In Oklahoma, most homeowners who stop making their mortgage payments will face a judicial foreclosure. But under certain circumstances, the foreclosing party (the "bank") can choose to avoid the litigation process and foreclose nonjudicially. If the bank opts for a nonjudicial foreclosure, you can force it to go through the courts instead. Converting a nonjudicial foreclosure to a judicial one is generally a good idea, especially if you have a defense that might allow you to keep the house.
In this article, you’ll get details about how Oklahoma foreclosures work, as well as learn about both federal and state laws that protect homeowners during the process. Because most foreclosures in Oklahoma are judicial, this article focuses on that process. Though, you'll get some information about nonjudicial foreclosures as well.
Also, under federal law, servicers are supposed to work with borrowers who are having trouble making monthly payments in a “loss mitigation” process. “Loss mitigation” is what the mortgage servicing industry calls the process of working with the borrower to avoid a foreclosure.
After the bank files a lawsuit to start a judicial foreclosure, you get 20 days to respond. If you don’t answer the suit, the bank will get a default judgment allowing it to hold a foreclosure sale. (To learn what happens if you do file an answer to the suit, see Fighting Your Foreclosure in Court.)
After the court issues a foreclosure judgment, the bank must serve you a notice of sale by mail and publish notice of sale in a newspaper at least 30 days before the sale. (Okla. Stat. tit. 12, § 764).
In Oklahoma, a foreclosure can happen without court supervision if the mortgage contract includes a provision known as a "power of sale" clause. But, you can force the lender to foreclose judicially by taking specific steps at least ten days before the date of the foreclosure sale. You must:
If the mortgage contract doesn't contain a power of sale clause, or if you complete the steps described above, the lender must file a lawsuit to foreclose. If you want to convert a nonjudicial foreclosure into a judicial one, you should consult with a lawyer to make sure you complete all steps correctly.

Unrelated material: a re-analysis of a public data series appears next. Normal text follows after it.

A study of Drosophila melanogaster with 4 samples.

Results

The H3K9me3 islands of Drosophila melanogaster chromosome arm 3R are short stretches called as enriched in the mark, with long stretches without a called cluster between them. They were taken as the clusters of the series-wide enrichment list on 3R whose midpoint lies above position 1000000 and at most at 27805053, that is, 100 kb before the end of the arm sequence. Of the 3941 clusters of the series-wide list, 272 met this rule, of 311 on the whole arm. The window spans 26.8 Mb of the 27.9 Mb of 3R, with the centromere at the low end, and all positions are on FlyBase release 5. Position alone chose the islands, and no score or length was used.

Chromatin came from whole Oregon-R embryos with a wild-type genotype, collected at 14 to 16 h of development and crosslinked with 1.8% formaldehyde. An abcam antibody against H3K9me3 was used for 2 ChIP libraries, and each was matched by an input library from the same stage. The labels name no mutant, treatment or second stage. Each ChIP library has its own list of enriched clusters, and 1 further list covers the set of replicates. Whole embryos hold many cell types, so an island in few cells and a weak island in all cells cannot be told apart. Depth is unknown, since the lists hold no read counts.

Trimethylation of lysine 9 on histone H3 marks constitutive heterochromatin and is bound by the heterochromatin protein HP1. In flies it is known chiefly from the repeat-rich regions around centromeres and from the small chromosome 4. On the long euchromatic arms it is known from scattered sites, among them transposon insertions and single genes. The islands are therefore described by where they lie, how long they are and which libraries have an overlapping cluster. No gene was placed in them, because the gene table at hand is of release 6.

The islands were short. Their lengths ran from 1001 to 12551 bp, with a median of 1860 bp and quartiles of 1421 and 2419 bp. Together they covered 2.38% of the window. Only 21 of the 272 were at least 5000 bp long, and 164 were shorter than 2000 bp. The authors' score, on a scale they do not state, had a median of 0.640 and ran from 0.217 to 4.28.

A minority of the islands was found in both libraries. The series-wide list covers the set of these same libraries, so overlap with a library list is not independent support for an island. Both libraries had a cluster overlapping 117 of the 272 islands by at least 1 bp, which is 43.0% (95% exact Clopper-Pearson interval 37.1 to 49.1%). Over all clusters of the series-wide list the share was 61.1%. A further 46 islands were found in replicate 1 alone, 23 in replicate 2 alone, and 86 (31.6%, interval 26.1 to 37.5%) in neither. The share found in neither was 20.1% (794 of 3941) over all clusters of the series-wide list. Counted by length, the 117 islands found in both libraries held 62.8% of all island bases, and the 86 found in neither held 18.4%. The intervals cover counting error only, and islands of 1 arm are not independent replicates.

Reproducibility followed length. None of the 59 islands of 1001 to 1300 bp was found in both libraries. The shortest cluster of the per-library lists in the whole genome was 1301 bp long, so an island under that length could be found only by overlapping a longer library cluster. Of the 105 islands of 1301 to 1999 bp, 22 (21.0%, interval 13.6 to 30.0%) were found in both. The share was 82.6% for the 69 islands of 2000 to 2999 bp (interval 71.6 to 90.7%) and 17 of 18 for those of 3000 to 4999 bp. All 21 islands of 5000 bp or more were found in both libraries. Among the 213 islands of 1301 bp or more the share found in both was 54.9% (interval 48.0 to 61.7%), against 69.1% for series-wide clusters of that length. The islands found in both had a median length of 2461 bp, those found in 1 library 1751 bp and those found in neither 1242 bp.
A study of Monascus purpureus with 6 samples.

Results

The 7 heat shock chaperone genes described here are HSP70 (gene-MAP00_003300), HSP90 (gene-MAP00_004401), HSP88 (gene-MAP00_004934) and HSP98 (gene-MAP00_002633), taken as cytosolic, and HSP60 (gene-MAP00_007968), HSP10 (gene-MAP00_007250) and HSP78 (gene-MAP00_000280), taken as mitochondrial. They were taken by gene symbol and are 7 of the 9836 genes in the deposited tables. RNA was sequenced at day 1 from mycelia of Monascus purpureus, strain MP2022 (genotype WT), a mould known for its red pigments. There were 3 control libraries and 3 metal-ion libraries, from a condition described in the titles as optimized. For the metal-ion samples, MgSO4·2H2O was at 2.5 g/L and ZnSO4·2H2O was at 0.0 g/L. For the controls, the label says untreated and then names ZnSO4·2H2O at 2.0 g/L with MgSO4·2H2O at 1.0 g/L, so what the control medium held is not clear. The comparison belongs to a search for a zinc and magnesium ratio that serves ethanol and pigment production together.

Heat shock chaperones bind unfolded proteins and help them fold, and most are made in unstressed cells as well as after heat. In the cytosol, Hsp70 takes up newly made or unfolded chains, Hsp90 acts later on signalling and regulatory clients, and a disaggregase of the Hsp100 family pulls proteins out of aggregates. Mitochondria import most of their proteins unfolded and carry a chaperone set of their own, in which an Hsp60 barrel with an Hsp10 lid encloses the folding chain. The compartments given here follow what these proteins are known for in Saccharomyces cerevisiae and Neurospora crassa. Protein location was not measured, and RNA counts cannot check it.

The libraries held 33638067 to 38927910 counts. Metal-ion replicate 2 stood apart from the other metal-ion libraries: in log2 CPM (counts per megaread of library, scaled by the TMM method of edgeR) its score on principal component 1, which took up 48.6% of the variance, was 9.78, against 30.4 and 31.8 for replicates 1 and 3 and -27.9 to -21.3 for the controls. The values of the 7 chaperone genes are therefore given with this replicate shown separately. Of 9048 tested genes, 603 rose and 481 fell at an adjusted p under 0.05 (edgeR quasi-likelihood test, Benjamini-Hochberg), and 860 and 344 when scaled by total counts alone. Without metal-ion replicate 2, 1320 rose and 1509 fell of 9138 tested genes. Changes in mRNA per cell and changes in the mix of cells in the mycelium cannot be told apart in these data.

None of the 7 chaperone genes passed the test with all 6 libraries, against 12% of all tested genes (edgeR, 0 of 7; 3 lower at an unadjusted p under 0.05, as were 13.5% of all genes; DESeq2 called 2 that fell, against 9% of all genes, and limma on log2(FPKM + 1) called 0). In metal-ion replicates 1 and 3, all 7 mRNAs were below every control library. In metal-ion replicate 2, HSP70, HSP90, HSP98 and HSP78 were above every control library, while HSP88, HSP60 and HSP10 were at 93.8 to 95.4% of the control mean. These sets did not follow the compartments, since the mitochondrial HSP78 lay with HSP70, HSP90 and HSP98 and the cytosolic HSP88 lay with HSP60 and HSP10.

Although Oklahoma law doesn't give the homeowner the right to reinstate in a judicial foreclosure, the terms of the mortgage usually allow for it. If you want to do so, check your loan documents.
In some states, the borrower can redeem (repurchase) the property within a limited period after the foreclosure sale. As part of an Oklahoma judicial foreclosure, the court must confirm (approve) the sale. You can redeem the property up until confirmation happens. (Okla. Stat. tit. 42, § 18).
In Oklahoma, the bank may request a deficiency judgment simultaneously when making a motion for an order confirming the sale or within 90 days following the sale. The maximum amount allowed for a deficiency judgment is the lesser of:
(If you let a nonjudicial foreclosure proceed and give timely notice at least ten days before the sale that the property is your homestead and that you elect against a deficiency judgment, then the bank can't get a deficiency judgment.) (Okla. Stat. tit. 46, § 43).
You can find Oklahoma’s foreclosure laws in the Oklahoma Statutes, Title 12 §§ 686, 764 through 765, 773 and Title 46 §§ 41 through 49. Statutes change, so checking them is always a good idea. How courts and agencies interpret and apply the law can also change. And some rules can even vary within a state. These are just some of the reasons to consider consulting a lawyer if you’re facing a foreclosure.
If you're facing a judicial or nonjudicial foreclosure in Oklahoma and want to learn more about the process, including your rights and whether you have any defenses to the foreclosure, consider talking to a foreclosure attorney. To get information about loss mitigation options, speak to a HUD-approved housing counselor.